SAN FRANCISCO — There are certain advantages to living at the end of the line. In the case of "Hockney Paints the Stage," one of them is having the benefit of the artist's hindsight.
The exhibition of seven theatrical environments and more than 200 related paintings, drawings, prints and models by British painter David Hockney recently checked into the San Francisco Museum of Modern Art--after sojourns in Minneapolis, Mexico City, Toronto, Chicago and Fort Worth. The presentation (through May 26) gives Californians a belated opportunity to catch up with the theatrical phase of Hockney's career--and an up-to-date consideration of how this work has directed his subsequent art.
The news isn't all startlingly fresh because Hockney--an immensely popular artist who has become one of Los Angeles' favorite adopted sons--is very closely watched. But this lively exhibition provides a perfect stage for hearing about his latest thoughts on the theater and its impact on his work.
The exhibition catalogue and the show itself make much of connections between Hockney's early painting and his recent designs for the Glyndebourne Opera Festival, near London, and the Metropolitan Opera in New York. Without denying these, Hockney says that now he has moved into a different sphere and that it's the theater that propelled him there.
What began quite innocently as a visual extension of his lifelong love of music sent him on an odyssey into pictorial space. Through the gentle means of photography and painting, he has now launched an all-out attack on scientific perspective--a way of seeing that has dominated Western art since the Renaissance. This infinitely approachable artist, who is probably as well known for his bleached blond hair, mismatched socks and Bradford accent as for his gracefully amiable art, says he is "gripped" by the possibility of turning perspective inside out.
"I think (my experience with) the theater did a lot that I didn't at first realize. I've looked back at a lot of things and realized where it's taken me. It's very strange," Hockney said in a interview at his studio high in the Hollywood Hills, where the exhibition versions of the stage sets were made.
"My paintings done just before my theater work were about perspective. The first thing I did when I finished 'The Rake's Progress' (a 1975 production at Glyndebourne, which is particularly well represented in the show) was to make a painting with reverse perspective called 'Kerby.' It's done from a Hogarth engraving that amused me because all the perspective is reversed. Hogarth is telling you it's wrong, but I knew it worked pictorially.
"I painted the picture and then didn't follow it up. Then I went back (to Glyndebourne) and did 'The Magic Flute,' which is deeply about all kinds of perspective chopping up the space. Perspective is always the subject in the theater. The Italian theater is deeply about perspective--the proscenium--the Shakespearean theater is the reverse. The stage comes out at you.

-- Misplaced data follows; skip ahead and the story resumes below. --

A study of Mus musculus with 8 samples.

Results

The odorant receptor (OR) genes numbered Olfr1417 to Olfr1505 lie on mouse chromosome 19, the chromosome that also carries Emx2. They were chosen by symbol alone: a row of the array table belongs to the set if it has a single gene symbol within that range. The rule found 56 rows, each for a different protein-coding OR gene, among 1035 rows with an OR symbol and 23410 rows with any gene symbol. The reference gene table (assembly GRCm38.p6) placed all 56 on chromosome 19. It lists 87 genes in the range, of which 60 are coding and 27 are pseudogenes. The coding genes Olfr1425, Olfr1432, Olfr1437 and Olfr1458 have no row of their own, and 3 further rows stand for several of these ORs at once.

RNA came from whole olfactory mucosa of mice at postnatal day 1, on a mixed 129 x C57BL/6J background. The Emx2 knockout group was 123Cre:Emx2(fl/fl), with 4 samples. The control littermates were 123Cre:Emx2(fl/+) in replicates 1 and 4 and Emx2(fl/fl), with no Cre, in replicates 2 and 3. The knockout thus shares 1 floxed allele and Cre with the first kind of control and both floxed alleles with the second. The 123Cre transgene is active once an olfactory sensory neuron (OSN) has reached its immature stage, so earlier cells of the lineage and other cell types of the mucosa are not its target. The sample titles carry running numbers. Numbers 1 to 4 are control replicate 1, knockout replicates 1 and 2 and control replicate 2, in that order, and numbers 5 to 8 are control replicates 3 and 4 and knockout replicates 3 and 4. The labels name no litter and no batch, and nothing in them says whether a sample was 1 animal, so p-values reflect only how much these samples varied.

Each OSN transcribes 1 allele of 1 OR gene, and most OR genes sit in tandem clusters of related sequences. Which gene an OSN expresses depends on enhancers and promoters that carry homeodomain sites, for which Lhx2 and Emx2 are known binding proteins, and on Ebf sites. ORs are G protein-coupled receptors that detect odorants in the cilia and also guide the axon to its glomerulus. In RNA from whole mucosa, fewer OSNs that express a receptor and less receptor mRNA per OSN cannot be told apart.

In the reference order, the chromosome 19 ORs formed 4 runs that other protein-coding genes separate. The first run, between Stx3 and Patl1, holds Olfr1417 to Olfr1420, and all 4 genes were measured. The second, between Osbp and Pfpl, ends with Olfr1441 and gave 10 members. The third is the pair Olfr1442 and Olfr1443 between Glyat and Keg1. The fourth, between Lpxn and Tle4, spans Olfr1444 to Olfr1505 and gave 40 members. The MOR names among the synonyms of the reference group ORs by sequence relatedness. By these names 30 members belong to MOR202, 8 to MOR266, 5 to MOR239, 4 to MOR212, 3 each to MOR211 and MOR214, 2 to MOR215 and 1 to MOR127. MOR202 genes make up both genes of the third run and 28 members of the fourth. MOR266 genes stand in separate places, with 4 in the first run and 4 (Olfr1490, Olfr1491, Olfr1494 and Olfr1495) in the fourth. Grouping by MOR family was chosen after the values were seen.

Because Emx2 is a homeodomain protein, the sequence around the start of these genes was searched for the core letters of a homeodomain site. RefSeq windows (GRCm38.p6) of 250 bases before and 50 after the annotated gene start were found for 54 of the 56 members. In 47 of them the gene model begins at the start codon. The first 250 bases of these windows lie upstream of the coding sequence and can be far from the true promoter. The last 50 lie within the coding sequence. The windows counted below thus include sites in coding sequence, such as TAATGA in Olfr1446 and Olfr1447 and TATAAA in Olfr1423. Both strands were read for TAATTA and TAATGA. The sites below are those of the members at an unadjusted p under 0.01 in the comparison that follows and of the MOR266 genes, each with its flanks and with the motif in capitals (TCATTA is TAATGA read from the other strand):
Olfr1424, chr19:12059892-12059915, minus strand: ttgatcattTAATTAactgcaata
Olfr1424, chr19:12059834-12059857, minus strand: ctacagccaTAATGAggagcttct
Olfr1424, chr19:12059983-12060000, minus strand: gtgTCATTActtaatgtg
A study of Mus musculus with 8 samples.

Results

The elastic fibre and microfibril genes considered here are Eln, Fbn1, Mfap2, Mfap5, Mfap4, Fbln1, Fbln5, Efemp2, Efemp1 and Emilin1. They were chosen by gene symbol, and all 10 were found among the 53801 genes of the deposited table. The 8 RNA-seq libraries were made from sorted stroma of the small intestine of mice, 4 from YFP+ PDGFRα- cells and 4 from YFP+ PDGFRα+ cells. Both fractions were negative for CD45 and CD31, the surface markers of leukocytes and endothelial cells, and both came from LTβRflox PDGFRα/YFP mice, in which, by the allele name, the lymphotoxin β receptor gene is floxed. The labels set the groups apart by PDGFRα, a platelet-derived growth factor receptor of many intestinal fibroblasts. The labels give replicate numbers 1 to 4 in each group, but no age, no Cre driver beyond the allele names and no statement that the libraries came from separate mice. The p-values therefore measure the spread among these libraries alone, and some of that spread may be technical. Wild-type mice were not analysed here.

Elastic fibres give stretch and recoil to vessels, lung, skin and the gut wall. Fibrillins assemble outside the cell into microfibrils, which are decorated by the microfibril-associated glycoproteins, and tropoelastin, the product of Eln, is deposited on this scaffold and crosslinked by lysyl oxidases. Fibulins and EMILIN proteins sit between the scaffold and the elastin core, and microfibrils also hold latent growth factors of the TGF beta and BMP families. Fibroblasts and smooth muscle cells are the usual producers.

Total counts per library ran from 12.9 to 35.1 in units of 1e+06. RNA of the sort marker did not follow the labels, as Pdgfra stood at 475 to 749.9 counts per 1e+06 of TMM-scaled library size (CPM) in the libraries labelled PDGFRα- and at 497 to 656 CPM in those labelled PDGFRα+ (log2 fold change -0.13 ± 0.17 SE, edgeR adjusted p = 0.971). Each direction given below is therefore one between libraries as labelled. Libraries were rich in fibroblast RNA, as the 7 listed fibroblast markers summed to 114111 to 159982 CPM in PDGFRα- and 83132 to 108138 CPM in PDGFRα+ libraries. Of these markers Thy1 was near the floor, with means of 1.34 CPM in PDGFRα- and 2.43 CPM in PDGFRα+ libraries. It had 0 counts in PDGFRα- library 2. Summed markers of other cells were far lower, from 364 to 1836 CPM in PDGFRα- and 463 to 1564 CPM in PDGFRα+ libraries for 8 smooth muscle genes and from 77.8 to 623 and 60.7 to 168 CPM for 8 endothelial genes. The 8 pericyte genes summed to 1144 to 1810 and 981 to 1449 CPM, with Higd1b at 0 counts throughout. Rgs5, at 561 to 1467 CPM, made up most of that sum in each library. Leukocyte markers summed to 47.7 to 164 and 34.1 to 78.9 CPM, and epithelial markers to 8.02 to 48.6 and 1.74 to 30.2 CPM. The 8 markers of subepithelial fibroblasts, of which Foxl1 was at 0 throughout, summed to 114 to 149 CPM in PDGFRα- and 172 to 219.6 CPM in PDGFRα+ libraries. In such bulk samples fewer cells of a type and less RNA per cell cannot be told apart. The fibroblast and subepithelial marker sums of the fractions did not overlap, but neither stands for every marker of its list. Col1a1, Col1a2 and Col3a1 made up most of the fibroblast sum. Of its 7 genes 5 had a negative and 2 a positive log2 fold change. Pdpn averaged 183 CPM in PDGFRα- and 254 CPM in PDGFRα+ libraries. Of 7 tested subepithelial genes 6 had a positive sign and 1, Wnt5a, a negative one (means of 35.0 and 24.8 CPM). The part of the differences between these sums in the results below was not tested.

"I'd always thought there was something wrong with perspective, but it's built into the photograph," he said. What's wrong with that pervasive way of seeing, according to Hockney, is that it keeps the viewer at bay. He's for a more "intimate," less static kind of art that allows the audience to participate in constructing an image from multiple parts. He believes this approach is more compatible with our experience of the world than are images that present a set point of view and keep us "stood outside."
Hockney has already tackled his self-prescribed task in widely exhibited photographic collages that present multiple views of the same subject simultaneously. In newer paintings, he takes his audience on a tour of friends' houses, leading them through rooms and letting them look out windows to absorb the entire feel of a place.
Leaning close and lowering his voice as if to divulge a secret, he suddenly said: "I devised a very strange theory, actually. See if you can follow this. It's a weird idea, but it's about why one-point perspective occurred. It's triumphed now, hasn't it? The photograph, the television picture, the movie are deeply perspective pictures. And those are not neutral images. There's a history to why the world is seen that way.
"In 'Art and Illusion,' Gombrich asked why it took until 15th-Century Italy for perspective to be discovered since it is such a natural way of seeing, but it isn't natural. It's an abstraction--putting space onto a flat surface."
Hockney has deduced that this unnatural way of seeing developed through artists who painted the Crucifixion in one-point perspective to instill a static image with weight and volume, thus intensifying the feeling of suffering they wanted to convey. "Once you've got one vanishing point, you have one moment in time. Time is fixed, and space is solid. That would be an expressive gain for artists, but the moment they would discover that, they would start looking at the world through a hole.